What the Gospel Really Is to John Calvin
Pastor Tullian Tchividjian recently posted on his blog an English translation of John Calvin’s preface to Pierre Olivetan’s French translation of the New Testament. Being from Northwest Alabama, I am well aware of the stigmatism that is Calvinism. I am well aware of the outrageous caricatures of John Calvin and of those who continue to believe the doctrines of grace that (misleadingly) bear his name (to go backwards from him, Augustine was also a grace-man, as were the NT writers … but I digress). But I also realize that many people who deride him do not really understand him and they also misunderstand his beliefs. Pastor Tchividjian is right to refer to Calvin’s preface, though, (which I fully quote below) as a “nugget of gospel gold.” This poetic explanation of the gospel by John Calvin is truly Calvin at his best. As Pastor Tchividjian concludes: “Do your soul a favor and read this over and over and over. It just doesn’t get more nutritious than this!”
Without the gospel
everything is useless and vain;
without the gospel
we are not Christians;
without the gospel
all riches is poverty,
all wisdom folly before God;
strength is weakness,
and all the justice of man is under the condemnation of God.
But by the knowledge of the gospel we are made
children of God,
brothers of Jesus Christ,
fellow townsmen with the saints,
citizens of the Kingdom of Heaven,
heirs of God with Jesus Christ, by whom
the poor are made rich,
the weak strong,
the fools wise,
the sinner justified,
the desolate comforted,
the doubting sure,
and slaves free.
It is the power of God for the salvation of all those who believe.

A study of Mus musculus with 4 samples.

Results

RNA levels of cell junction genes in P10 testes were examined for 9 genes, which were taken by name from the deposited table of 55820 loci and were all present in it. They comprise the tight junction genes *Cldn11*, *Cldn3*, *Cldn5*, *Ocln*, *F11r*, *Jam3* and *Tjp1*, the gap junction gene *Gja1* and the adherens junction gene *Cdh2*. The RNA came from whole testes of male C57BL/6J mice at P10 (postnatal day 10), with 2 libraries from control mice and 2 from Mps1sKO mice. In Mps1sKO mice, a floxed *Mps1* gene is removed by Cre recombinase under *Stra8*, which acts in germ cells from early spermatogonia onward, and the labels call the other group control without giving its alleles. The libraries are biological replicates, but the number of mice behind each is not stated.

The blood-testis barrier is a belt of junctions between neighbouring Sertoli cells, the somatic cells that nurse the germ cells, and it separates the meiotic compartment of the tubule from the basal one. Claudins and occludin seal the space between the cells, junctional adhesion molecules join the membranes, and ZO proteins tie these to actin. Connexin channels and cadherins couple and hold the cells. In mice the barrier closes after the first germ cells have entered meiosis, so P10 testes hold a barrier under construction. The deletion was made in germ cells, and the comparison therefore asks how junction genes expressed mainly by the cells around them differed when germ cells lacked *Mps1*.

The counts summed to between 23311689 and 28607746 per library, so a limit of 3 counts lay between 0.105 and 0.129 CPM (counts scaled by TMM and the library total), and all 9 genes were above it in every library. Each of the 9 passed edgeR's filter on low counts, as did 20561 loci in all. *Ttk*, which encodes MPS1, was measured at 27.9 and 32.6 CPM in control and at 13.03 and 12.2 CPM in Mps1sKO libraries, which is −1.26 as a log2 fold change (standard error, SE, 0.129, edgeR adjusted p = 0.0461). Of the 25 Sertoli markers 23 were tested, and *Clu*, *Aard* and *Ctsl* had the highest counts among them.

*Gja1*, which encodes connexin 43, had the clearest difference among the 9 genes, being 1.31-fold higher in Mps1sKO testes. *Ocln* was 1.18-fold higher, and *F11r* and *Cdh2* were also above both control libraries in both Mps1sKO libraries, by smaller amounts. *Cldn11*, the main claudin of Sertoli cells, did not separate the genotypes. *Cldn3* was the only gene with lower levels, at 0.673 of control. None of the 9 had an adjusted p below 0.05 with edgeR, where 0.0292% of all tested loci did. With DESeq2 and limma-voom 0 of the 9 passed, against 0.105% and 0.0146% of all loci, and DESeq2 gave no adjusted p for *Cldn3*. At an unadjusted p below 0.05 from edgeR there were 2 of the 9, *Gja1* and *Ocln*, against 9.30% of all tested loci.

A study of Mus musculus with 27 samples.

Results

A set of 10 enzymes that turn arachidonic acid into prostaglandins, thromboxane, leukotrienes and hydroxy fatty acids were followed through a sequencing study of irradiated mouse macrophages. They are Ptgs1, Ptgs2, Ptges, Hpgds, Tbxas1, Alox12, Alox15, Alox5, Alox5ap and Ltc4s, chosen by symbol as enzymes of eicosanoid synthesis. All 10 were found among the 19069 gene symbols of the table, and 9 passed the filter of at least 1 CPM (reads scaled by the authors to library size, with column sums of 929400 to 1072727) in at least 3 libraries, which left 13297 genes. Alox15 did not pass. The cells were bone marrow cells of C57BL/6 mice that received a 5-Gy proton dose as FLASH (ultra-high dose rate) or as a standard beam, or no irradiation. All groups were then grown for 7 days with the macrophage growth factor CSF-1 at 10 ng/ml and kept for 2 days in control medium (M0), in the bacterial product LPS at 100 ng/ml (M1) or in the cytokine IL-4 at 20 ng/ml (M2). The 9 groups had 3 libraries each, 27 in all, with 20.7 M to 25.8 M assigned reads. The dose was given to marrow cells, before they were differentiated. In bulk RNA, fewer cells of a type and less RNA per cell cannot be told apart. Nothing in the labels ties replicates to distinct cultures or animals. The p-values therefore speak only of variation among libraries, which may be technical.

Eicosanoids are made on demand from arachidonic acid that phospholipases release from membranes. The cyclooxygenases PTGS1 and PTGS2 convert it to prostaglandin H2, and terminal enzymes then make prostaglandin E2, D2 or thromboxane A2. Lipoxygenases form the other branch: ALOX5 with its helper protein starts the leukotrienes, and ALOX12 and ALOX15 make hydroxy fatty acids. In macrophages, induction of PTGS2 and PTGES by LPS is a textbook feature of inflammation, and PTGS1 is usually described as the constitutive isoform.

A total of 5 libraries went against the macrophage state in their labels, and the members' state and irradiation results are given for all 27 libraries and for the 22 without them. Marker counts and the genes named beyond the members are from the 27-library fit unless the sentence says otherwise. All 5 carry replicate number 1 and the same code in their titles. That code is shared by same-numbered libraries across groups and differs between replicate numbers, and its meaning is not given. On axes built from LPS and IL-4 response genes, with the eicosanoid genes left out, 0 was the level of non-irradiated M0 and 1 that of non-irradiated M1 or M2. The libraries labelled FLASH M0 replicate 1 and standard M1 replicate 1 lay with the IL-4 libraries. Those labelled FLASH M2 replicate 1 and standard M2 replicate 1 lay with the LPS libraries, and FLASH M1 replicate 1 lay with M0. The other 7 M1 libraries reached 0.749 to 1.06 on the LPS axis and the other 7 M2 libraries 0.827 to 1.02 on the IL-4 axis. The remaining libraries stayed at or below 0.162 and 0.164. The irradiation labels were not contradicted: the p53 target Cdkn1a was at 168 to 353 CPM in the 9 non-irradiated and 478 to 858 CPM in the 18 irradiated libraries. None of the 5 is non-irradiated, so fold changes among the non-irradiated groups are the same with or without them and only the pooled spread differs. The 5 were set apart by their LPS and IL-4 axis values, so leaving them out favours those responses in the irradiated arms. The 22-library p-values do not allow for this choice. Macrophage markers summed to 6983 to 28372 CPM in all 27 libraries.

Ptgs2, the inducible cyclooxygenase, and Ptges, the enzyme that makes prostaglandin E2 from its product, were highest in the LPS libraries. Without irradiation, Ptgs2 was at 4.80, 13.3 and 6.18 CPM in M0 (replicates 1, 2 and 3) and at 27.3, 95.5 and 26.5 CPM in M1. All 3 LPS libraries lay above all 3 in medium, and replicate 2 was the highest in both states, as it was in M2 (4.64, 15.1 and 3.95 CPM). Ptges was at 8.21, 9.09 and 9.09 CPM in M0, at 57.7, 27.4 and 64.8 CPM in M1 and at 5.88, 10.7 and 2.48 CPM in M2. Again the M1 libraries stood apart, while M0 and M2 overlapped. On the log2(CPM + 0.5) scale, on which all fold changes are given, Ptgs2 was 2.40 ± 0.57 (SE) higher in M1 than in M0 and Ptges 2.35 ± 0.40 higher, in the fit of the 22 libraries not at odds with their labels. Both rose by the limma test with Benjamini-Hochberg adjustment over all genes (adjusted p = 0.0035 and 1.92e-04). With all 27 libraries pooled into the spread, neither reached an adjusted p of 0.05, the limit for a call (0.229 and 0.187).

It follows that every good thing we could think or desire is to be found in this same Jesus Christ alone.
For, he was
sold, to buy us back;
captive, to deliver us;
condemned, to absolve us;
made a curse for our blessing,
[a] sin offering for our righteousness;
marred that we may be made fair;
he died for our life; so that by him
fury is made gentle,
darkness turned into light,
sadness made merry,
misfortune made fortunate,
force forced back,
war warred against,
the abyss sunk into the abyss,
mortality made immortal.
mercy has swallowed up all misery,
and goodness all misfortune.
For all these things which were to be the weapons of the devil in his battle against us, and the sting of death to pierce us, are turned for us into exercises which we can turn to our profit.
If we are able to boast with the apostle, saying, O hell, where is thy victory? O death, where is thy sting? it is because by the Spirit of Christ promised to the elect, we live no longer, but Christ lives in us; and we are by the same Spirit seated among those who are in heaven, so that for us the world is no more, even while our conversation is in it; but we are content in all things, whether country, place, condition, clothing, meat, and all such things.
And we are
comforted in tribulation,
joyful in sorrow,
glorying under vituperation,
abounding in poverty,
warmed in our nakedness,
patient amongst evils,
living in death.
This is what we should in short seek in the whole of Scripture: truly to know Jesus Christ, and the infinite riches that are comprised in him and are offered to us by him from God the Father.
Even if you are the most battle-hardened Arminian imaginable, surely you must be able to appreciate the beauty of Calvin’s above poetic explication of the gospel. Perhaps Calvin’s writing here softens your heart toward him and his legacy. At the very least, I pray that Calvin’s beautiful treatment of the gospel would deepen your love for Christ and would help you to know Him more fully. I know that’s what Calvin’s above commentary does to me. I reiterate Pastor Tchividjian’s exhortation following his quotation of Calvin’s gospel commentary: “Do your soul a favor and read this over and over and over. It just doesn’t get more nutritious than this!”
You can read Pastor Tchividjian’s post at his blog.